The complainant noted that a reporter labelled demonstrators against an anti-Islamophobia resolution as “far-right” but supplied no characterization of those who supported it.
By Esther Enkin, CBC Ombudsman
The complainant, Shoel Silver, noted that a reporter labelled demonstrators against an anti-Islamophobia resolution as “far-right” but supplied no characterization of those who supported it. He thought that was unbalanced and challenged the basis for the characterization. CBC policy frowns on the use of such broad descriptions. The complainant had a good point.
You questioned the use of the term “far-right” to characterize a group of demonstrators taking part in a protest against Motion M-103, a motion to condemn Islamophobia, which was before the Federal Parliament at the time. You pointed out that there was no adjective or qualifier used to describe those who were demonstrating in support of the motion.
What was the basis on which she determined the political leanings of the anti-Motion demonstrators? I am certain they did not describe themselves as far right. And the views she described them as having did not appear extreme, even if their opponents characterized them as racist and anti-Islam.
You concluded the reporter used the term to “disparage” one side, creating unbalanced and unfair coverage.
Helen Evans, the Senior Manager of Journalism Programming in Quebec, replied to your complaint. She agreed you made a valid point that it was incorrect to label one group of demonstrators and not the other. She said she has brought this to the attention of senior journalists in the newsroom:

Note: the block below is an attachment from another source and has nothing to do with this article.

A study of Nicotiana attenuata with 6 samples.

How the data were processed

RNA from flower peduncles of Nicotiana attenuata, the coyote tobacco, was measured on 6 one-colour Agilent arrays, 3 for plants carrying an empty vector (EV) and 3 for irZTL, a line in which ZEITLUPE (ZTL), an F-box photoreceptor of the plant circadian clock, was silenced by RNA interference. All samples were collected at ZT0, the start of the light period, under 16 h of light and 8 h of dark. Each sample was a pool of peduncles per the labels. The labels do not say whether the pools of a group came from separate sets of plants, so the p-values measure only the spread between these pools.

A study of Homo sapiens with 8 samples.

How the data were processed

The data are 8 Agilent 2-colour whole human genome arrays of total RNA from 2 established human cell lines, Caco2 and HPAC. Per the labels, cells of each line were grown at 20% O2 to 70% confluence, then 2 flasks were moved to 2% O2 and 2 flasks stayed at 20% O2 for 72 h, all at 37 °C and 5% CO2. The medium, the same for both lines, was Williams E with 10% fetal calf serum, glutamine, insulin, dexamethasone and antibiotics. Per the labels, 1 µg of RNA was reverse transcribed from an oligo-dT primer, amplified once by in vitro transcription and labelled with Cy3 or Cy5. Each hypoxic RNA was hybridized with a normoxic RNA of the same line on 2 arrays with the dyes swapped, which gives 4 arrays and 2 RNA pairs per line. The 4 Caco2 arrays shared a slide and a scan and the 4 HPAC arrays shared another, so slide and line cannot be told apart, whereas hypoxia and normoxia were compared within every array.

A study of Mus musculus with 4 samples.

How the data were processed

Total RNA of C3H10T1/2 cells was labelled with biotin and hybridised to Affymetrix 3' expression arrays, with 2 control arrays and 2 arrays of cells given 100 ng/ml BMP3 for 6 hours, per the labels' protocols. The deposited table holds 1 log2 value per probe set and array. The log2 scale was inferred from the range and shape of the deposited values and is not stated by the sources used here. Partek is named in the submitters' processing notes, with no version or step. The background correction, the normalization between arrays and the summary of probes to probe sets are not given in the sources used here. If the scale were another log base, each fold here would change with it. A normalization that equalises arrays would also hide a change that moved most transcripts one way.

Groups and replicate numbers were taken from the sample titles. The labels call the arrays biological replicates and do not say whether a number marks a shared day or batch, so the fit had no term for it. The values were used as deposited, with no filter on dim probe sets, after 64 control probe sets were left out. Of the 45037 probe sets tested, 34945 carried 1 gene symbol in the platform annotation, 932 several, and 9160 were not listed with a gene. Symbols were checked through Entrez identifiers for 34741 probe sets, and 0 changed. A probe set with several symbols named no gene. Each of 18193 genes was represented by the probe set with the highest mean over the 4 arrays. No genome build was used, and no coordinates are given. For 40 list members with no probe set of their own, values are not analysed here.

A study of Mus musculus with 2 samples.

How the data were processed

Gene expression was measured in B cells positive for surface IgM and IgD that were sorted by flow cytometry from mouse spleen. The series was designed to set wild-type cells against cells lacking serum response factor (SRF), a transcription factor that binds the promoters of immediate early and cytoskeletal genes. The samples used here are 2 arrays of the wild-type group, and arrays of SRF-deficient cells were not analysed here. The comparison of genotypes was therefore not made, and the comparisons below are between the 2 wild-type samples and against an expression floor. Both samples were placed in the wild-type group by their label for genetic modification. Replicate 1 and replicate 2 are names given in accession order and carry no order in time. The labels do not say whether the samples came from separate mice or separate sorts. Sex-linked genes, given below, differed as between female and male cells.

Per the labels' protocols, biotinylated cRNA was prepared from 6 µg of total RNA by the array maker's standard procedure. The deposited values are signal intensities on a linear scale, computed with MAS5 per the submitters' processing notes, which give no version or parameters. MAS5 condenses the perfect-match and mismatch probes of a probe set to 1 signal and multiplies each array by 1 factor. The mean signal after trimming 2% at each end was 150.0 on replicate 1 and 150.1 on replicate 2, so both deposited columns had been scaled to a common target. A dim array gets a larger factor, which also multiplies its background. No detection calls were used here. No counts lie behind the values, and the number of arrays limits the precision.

We have asked our senior editorial leaders to review how we are characterizing different groups representing different points of view on the political spectrum to try to make sure we are not simply falling into over-generalizations and stereotypes.
She shared with you that the editorial team responsible for covering the weekend demonstrations did some research into the sponsoring groups which would be participating. She told you that the people in the Montreal newsroom were familiar with the aims and positions of one of the Quebec-based group, La Meute, which is against the resolution. She said they were comfortable with a “far right” characterization but reporters and editors were told the better practice was to let those demonstrating explain their own positions and reasons for being there. She explained that it is not always possible to do so in spot news and live reporting.